Status

Available as public ICU API
See also CLDR:

Original design

What we need from collation to make the indexing work without hardcoded data are the following:

1. Given a collation and a string, get the least character in a different script that is greater than that string.

I'm implementing this as a hack currently, just doing a binary search in the following list:

                "a", "α", "ⲁ", "а", "ⰰ", "ა", "ա", "א", "𐤀", "ࠀ", "ء", "ܐ", "ހ", "ߊ", "ⴰ", "ሀ", "ॐ", "অ", "ੴ", "ૐ", "ଅ", "ௐ",
                "అ", "ಅ", "അ", "අ", "ꯀ", "ꠀ", "ꢂ", "𑂃", "ᮃ", "𐨀", "ก", "ກ", "ꪀ", "ཀ", "ᰀ", "ꡀ", "ᤀ", "ᜀ", "ᜠ", "ᝀ", "ᝠ",
                "ᨀ", "ꤰ", "ꤊ", "က", "ក", "ᥐ", "ᦀ", "ᨠ", "ꨀ", "ᬅ", "ꦄ", "ᢀ", "ᱚ", "Ꭰ", "ᐁ", "ᚁ", "ᚠ", "𐰀", "ꔀ", "ꚠ", "ᄀ",
                "ぁ", "ァ", "ㄅ", "ꀀ", "ꓸ", "𐊀", "𐊠", "𐤠", "𐌀", "𐌰", "𐐨", "𐑐", "𐒀", "𐀀", "𐠀", "𐩠", "𐬀", "𐡀",
                "𐭀", "𐭠", "𐎀", "𐎠", "𒀀", "𓀀", "一"

Since we will have this information internally for the script blocks as part of the reordering, that should be fairly straightforward to implement, but will take some more data structure.


2. Han Collation

This collation is special, especially for Chinese. The ordering is based on mapping characters to some data, then ordering by that mapping data. The main ones are:
  1. Pinyin: compare according to the pinyin for each character. If the pinyin is the same, compare by stroke order.
  2. Stroke: compare according to the total strokes for each character. If the total strokes are the same, compare by radical-stroke order.
  3. Radical-Stroke: compare according to the radical-stroke for each character. If these are the same, compare by code point order.
That means that the index needs to be precisely aligned with the sorting method, and the index buckets need to be chosen to start on mapping data boundaries appropriate for each of the above. If they are out-of-sync, strange results occur. The labels also need to be based on the mapping data:
  1. Pinyin: A B C D ...
  2. Stroke: 1 2 3 ...
  3. Radical-Stroke: radicals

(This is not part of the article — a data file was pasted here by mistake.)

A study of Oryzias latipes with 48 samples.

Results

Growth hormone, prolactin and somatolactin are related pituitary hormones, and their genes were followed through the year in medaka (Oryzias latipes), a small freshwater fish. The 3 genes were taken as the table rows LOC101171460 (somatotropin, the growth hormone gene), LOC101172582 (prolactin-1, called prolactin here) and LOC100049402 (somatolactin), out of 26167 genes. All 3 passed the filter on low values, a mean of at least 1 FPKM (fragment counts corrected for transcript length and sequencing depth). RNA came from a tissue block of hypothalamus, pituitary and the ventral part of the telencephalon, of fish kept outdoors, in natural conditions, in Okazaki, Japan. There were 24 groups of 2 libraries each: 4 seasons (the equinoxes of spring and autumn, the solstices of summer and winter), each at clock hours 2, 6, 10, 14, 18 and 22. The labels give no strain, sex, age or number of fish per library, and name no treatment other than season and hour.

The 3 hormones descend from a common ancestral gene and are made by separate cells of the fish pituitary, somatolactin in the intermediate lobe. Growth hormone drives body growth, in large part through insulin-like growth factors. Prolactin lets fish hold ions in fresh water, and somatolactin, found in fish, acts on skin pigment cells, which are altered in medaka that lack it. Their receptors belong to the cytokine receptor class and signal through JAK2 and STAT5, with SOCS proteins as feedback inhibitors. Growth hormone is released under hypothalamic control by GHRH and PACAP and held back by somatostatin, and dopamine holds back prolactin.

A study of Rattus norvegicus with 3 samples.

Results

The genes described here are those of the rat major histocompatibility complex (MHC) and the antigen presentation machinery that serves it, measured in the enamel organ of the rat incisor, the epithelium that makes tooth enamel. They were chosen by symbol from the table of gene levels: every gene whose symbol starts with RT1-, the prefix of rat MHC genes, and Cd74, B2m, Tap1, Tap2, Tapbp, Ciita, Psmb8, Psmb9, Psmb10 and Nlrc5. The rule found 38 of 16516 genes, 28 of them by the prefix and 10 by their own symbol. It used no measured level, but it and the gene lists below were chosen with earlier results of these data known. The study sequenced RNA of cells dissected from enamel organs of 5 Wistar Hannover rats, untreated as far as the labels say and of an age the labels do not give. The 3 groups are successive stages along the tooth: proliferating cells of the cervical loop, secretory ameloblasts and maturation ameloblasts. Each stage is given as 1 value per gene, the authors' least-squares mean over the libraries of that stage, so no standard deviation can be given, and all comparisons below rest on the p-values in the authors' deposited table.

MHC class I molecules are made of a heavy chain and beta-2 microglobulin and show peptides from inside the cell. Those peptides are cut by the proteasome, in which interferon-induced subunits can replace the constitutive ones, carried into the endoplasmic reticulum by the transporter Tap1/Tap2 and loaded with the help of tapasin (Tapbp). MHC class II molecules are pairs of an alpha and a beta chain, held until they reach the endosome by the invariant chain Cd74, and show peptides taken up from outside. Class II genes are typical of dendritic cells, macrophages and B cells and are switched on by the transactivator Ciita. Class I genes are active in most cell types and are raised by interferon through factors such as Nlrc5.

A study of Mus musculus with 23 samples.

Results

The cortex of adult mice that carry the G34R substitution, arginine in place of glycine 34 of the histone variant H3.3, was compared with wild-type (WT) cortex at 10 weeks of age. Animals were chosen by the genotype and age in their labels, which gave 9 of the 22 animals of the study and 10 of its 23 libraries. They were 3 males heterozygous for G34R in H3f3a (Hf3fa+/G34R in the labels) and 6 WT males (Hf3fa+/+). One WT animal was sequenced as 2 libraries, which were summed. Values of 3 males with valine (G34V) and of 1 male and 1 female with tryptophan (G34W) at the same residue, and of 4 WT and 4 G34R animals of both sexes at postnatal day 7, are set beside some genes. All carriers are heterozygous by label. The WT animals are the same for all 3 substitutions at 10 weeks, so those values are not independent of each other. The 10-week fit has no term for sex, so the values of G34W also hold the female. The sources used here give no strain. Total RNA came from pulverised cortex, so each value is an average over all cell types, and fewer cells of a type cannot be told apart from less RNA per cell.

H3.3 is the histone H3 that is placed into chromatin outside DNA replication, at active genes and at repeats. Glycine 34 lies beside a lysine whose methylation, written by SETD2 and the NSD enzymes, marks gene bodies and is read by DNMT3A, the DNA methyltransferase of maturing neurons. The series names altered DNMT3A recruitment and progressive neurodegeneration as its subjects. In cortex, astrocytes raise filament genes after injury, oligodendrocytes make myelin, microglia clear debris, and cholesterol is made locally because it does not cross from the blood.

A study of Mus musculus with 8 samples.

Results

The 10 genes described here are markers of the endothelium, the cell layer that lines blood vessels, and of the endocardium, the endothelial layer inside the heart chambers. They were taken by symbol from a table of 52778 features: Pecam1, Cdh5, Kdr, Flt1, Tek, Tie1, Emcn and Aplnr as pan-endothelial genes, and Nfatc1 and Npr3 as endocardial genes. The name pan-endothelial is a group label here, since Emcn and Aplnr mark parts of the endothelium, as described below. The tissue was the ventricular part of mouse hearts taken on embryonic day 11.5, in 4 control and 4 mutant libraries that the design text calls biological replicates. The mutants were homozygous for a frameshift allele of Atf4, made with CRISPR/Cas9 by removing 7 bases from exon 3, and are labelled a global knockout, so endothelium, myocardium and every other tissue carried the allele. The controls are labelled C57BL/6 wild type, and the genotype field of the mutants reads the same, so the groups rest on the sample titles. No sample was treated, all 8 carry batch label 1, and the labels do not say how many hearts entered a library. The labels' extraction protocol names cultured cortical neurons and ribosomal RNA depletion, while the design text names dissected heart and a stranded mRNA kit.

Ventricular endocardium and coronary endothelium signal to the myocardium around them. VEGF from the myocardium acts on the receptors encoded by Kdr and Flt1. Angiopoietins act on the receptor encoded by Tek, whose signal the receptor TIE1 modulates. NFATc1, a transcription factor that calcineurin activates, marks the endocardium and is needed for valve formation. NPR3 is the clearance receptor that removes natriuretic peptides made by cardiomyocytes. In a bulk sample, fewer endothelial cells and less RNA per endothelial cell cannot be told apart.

In actual display, the labels may be winnowed down, or presented differently (eg with Stroke the word for "strokes"). For pinyin, notice that both Latin and Chinese characters are in the same buckets. Ideally Latin is last; for that we'll wait until script-reordering is in.

This requires not only that the mapping data be available at collation-rule construction time, but that it also be available at runtime. Luckily, not all of the data needs to be available, just what the first character of each of the above buckets is. In an ideal world, that would be another method on the collator. The situation is complicated by the need to have alternative versions of the collators to cut down on size, so we can't depend on the first character of each group being stable for all the pinyin collations.

Rather than have some special syntax, the plan is to introduce special private-use codes, one for each normal index boundary. These will be added to the rules for each of the above collations.

... X < \U000F0000 < Y ...

The ranges for these will be hard-coded starting at \U000F0000.
  • 512 for the radicals (the extra bit is for the simplified vs traditional), then
  • 26 for A-Z for pinyin, then
  • 100 for stroke counts.
This has a very minor effect on the size of the collations, but also allows alternative tailorings and sizes of the tables, once we define the use of these codes.

3. Which Pinyin?

To generate the pinyin for each character, we are creating an ordered list from the following. The first item in the list is the one used for the collation and transliteration, so the ordering of the list is important. An item is not added to the list if it is already in the list.
  1. kHanyuPinlu
  2. kXHC1983
  3. kHanyuPinyin
  4. kMandarin
This was the priority order recommended by Richard Cook and John Jenkins.

Some additional pinyin data is added, and the data is closed under:
  1. radical<->Unified mapping (to give the radicals a sort order)
  2. kTraditionalVariant
  3. kSimplifiedVariant
As before, these are only added to the end of the list, so make no effective difference unless there was no pinyin already.

Any mappings from characters that are canonical equivalents are removed, since UCA already handles that.